Speed work, or intervals, is an important aspect of training and can improve your running. Interval training will help you start your runs faster, finish strong, burn more calories and run at a faster pace overall. You should incorporate enough speed work into your training to help you meet your running goals, but avoid incorporating too much as this can lead to injury.
Types of Intervals
The terms speed work and intervals can be used to describe many exercises. Some classic examples are track repeats, hill repeats and fartleks. Track repeats are usually run on a track or grassy field. Running a 400-meter lap around a track five times is an example of a track workout. Hill repeats involve running up or down a hill for a set time or running the length of the whole hill, then recovering on your way back to the start. Fartleks are bursts of speed mixed in with running at a sustainable pace.
Recommended Amount of Speed Work
The type of speed work you do depends on your goals, but it is important to do it often and to mix it up so that your body does not get too comfortable with it. However, just as you can run too many miles and suffer from over-training, you can do too much speed work. American marathoner and Olympian Kara Goucher suggests that a good rule of thumb is to dedicate 25 percent of your weekly mileage to speed work or intervals of some sort.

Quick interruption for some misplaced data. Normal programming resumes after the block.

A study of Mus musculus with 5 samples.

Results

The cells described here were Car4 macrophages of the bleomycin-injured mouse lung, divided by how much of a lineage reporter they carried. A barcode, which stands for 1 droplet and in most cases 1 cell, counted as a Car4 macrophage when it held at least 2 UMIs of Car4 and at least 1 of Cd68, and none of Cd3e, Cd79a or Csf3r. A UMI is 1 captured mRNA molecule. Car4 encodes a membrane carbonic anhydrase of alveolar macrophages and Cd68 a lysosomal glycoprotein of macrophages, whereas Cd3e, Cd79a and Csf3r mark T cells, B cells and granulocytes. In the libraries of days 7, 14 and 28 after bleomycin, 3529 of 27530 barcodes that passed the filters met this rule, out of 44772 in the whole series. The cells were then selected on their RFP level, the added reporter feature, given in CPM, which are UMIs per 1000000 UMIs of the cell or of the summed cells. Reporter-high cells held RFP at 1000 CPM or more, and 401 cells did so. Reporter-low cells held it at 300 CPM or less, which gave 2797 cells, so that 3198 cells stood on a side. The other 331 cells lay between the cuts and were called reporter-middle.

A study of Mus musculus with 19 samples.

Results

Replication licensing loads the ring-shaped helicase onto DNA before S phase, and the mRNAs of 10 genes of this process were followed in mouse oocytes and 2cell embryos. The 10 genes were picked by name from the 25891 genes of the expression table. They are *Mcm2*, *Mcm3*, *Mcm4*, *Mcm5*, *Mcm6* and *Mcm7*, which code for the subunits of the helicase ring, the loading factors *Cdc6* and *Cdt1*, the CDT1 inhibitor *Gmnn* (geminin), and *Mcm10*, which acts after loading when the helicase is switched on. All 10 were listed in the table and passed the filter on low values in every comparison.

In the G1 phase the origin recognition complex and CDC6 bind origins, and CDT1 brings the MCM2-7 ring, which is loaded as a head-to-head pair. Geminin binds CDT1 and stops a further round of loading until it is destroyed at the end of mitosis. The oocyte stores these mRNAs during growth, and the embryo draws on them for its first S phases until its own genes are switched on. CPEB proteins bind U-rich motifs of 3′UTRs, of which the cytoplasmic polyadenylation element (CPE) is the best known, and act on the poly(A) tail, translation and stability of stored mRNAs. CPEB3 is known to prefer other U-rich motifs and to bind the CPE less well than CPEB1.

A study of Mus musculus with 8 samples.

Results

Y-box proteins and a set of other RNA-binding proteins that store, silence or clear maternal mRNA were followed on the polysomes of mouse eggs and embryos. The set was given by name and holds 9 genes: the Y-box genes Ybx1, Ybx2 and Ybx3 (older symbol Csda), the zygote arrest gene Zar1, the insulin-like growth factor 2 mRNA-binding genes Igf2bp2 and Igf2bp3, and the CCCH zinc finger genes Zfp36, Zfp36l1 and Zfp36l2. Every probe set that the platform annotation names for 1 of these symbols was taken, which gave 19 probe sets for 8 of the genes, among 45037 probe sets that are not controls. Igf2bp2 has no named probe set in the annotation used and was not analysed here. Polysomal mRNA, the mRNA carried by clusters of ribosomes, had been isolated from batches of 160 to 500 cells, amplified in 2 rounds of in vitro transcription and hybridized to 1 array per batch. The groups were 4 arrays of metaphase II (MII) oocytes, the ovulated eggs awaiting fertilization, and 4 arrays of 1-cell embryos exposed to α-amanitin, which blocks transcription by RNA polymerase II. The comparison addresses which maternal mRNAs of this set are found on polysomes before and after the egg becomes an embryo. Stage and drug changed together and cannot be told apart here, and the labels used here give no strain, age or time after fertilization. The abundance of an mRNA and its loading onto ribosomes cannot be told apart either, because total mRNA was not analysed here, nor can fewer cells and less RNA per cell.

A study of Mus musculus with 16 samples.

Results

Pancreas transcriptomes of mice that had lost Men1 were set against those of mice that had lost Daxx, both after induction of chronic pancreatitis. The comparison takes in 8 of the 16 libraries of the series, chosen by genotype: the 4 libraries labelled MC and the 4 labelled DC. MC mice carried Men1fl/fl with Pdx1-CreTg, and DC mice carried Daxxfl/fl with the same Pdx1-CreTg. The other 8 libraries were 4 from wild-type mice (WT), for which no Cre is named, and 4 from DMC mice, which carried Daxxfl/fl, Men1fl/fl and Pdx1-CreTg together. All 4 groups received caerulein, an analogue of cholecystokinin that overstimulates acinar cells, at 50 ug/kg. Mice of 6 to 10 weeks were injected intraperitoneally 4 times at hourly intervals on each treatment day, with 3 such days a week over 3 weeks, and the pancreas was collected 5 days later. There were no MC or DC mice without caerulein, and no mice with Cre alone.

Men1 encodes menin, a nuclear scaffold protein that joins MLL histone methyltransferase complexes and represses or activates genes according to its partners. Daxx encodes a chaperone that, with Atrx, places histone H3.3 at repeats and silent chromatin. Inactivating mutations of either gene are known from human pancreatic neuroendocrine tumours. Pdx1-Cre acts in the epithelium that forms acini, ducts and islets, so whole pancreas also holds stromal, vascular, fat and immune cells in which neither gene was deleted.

Speed Work Recovery
Ideally, you want to do enough speed work to improve your runs and help you achieve your goals without burning yourself out or getting hurt. Track repeats, fartleks and downhill repeats all stress your hamstrings and calves, while uphill repeats stress your quadriceps and calves. You should take at least one "easy" day in between workouts to give your body time to recover. An easy day can be a rest day, a cross-training day or a slower run.
Interval training places a lot of stress on your body and could turn a small injury into a big one. If you are injured or think you might be developing an injury, you should avoid intervals. Speed work can benefit you greatly, but an injury can set your training back weeks or even months. Add warm-up and cool-down periods with stretches to your workouts to help you perform better, prevent injury and recover more quickly.
- "Kara Goucher's Running For Women"; Kara Goucher; 2011
- American Council on Exercise: What Is High Intensity Interval Training (HIIT) and What Are the Benefits?
- Scientific American: Short Interval Training Burns Big Calories
- Jupiterimages/Pixland/Getty Images
This article reflects the views of the writer and does not necessarily reflect the views of Jillian Michaels or JillianMichaels.com.